Humans as relational
What separates personalism from other philosophies and worldviews is its strong focus on the relationship between humans. Whereas individualism emphasizes individual freedom, and collectivism stresses the communal character of the collective, personalism emphasizes the interaction between the particular individuals in the community.
As human beings, we do not float freely in the air, independent of one another. We take part in numerous networks and relationships all the time, every single day. Our entire life is marked by relationships. It is quite telling how we designate each other using relational terms: mother, father, brother, sister, grandparents, colleague, neighbor, spouse, buddy, partner, enemy, friend. It is through these relationships that our personality is formed, and it is within these relationships that we live our lives. In emphasizing relationships so strongly, personalism acknowledges that although we certainly are unique individuals, we are at the same time – in a positive sense – bound to each other.
We live in a society where relationships are placed under constant pressure. The close relations, which used to constitute a fixed point in one’s life, are no longer a matter of course. We have developed a society where human beings are often reduced to something less than persons. If our relationships become mere means to achieve our goals, then we adapt what the Jewish philosopher Martin Buber (1878-1965) calls an “I-It” relationship with other people instead of an “I-Thou” relationship. The negative consequences are obvious: When we conceive people as something else, something less than persons (e.g. clients, costumers, competitors), it becomes easier for us to make decisions and choices that have negative consequences in the lives of those concerned.
In personalist philosophy the human being unfolds its freedom, engagement and responsibility through relationships and community with its fellow human being. Humans are understood to be what the French philosopher Gabriel Marcel (1889- 1973) calls available (disponible) to one another. We are creatures that are disposed towards wanting, seeking, and forming relationships with others.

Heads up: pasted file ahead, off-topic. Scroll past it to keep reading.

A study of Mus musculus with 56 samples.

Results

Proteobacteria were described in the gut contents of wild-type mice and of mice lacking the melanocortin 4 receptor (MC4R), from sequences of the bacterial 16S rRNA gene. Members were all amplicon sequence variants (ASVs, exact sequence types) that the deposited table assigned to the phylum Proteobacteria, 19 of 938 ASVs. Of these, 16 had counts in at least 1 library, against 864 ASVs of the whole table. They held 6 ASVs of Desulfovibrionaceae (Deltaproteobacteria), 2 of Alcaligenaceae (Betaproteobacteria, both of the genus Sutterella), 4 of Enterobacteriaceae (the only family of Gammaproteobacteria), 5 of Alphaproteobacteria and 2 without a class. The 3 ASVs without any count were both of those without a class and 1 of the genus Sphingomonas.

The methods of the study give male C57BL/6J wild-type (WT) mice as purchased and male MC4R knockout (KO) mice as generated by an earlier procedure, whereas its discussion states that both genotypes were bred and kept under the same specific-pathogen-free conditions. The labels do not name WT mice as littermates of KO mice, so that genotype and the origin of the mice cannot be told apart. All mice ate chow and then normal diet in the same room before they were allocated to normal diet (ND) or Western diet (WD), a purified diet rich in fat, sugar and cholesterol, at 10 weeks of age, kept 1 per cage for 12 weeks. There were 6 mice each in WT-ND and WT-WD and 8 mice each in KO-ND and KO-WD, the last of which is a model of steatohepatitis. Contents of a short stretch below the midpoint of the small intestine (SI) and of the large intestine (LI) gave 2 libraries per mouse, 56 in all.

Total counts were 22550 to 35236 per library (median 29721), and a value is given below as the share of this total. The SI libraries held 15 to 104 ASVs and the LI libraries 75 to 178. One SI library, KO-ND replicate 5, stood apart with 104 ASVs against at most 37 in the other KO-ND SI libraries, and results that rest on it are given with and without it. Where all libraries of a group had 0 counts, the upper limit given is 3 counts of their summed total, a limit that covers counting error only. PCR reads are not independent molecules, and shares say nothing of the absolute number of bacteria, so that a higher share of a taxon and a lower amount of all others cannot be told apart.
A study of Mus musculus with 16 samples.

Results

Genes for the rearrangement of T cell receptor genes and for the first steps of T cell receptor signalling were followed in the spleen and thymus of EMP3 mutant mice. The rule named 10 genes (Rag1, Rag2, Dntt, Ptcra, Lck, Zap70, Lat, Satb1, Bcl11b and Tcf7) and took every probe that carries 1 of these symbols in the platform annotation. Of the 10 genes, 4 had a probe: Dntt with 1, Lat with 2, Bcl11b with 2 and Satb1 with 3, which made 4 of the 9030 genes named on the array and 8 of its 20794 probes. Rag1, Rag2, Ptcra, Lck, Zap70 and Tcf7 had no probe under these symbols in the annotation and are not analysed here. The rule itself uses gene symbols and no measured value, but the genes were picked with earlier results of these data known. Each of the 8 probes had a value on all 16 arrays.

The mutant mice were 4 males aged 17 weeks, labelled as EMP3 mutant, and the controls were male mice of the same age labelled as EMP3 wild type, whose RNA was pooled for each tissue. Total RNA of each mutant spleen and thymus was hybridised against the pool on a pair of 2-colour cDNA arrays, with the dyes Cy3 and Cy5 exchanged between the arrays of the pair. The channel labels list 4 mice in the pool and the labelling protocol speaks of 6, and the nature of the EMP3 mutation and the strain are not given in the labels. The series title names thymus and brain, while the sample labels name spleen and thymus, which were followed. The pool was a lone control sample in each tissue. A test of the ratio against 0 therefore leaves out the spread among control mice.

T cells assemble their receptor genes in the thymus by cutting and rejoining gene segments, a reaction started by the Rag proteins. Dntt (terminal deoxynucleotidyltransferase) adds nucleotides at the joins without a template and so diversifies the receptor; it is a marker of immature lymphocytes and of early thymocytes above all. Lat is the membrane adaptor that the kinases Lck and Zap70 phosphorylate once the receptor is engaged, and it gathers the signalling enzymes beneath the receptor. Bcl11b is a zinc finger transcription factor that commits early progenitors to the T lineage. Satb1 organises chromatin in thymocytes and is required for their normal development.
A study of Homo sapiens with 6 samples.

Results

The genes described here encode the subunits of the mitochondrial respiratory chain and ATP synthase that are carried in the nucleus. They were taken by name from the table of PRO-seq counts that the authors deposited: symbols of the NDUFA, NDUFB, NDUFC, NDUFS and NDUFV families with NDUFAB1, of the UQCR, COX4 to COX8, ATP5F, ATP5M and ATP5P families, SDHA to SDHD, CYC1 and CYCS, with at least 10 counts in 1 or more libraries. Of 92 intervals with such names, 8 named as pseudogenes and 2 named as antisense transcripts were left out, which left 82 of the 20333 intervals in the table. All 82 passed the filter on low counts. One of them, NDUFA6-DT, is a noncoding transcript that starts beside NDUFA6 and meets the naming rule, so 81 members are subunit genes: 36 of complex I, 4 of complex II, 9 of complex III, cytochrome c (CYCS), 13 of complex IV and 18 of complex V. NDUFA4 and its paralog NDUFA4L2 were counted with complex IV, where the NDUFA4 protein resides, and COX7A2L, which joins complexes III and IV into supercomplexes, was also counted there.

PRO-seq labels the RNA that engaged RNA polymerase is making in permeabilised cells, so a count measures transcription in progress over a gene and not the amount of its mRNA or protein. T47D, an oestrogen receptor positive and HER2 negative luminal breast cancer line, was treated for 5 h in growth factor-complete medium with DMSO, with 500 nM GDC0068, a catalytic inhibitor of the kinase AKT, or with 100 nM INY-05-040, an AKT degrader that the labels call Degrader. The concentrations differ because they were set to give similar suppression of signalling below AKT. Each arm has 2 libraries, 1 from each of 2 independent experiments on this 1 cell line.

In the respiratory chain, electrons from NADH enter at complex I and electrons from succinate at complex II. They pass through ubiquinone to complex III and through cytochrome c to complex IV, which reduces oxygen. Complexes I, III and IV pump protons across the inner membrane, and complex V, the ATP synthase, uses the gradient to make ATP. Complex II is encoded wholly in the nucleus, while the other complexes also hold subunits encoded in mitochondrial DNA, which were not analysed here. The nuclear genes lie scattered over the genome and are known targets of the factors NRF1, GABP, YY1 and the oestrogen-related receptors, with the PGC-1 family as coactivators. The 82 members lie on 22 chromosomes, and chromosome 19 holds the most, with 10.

The Russian personalist Nikolaj Berdyaev (1874-1948) argues that personality, in its essence and nature, presupposes another human being. This understanding distances personalism from individualism, in which the fellow human being, at best, becomes something that we can keep or discard as we like.
According to personalism, individualism – and its political manifestation, liberalism – commits the error of conceiving the concept of freedom within a relational void. If we think of freedom as merely an individual privilege, we risk limiting the freedom of others through our personal choices. Only when acting out our freedom in a manner respectful of others and in relation to them can we achieve true freedom for all humans. Even though we do not stand in a direct relationship to the entire world population, we are still bound together by our common humanity. We are all persons, and thus our relationships cannot be reduced to race, ethnicity, religion, citizenship, or any of the labels by which we categorize humans. Personalism’s talk of humans as relational thus requires us to consider carefully the consequences of our local, national, and global politics for our fellow humans – these are consequences that impact human beings, people just like you and me.
The personalist anthropology, with its strong emphasis upon relationships, entails that should a human person loose his or her fellow humans – should others become alien or irrelevant – the human person will become alienated from him- or herself. Such alienation occurs because the person’s identity and possible ways of self-expression all exist in the relationship, engagement, and interaction with these fellow humans.
The personalist battle against alienation thus becomes a battle against the outdistancing, dissolution and perversion of relationships and communities. If the other human in relation to whom I developed my identity should disappear, a part of me will inevitably disappear as well. We are alienated from ourselves if our neighbor becomes alien to us (Latin: alienus), or if our fellow human has become an unwelcome threat, an alien. It is quite telling that the French word aliéné means insane; our mind is so closely connected to others that it becomes sick if the other becomes a stranger.
When relationships weaken or are perverted I loose myself in a profound sense, and I then become a stranger to myself, alienated. Bringing matters to a head one might say that humans only exist in as far as they exist for their fellow human being, or even: “Amo, ergo sum” (I love, therefore I am). We find this sentence in the work of personalists Emmanuel Mounier (1905-1950) and Karol Wojtyla (1920-2005).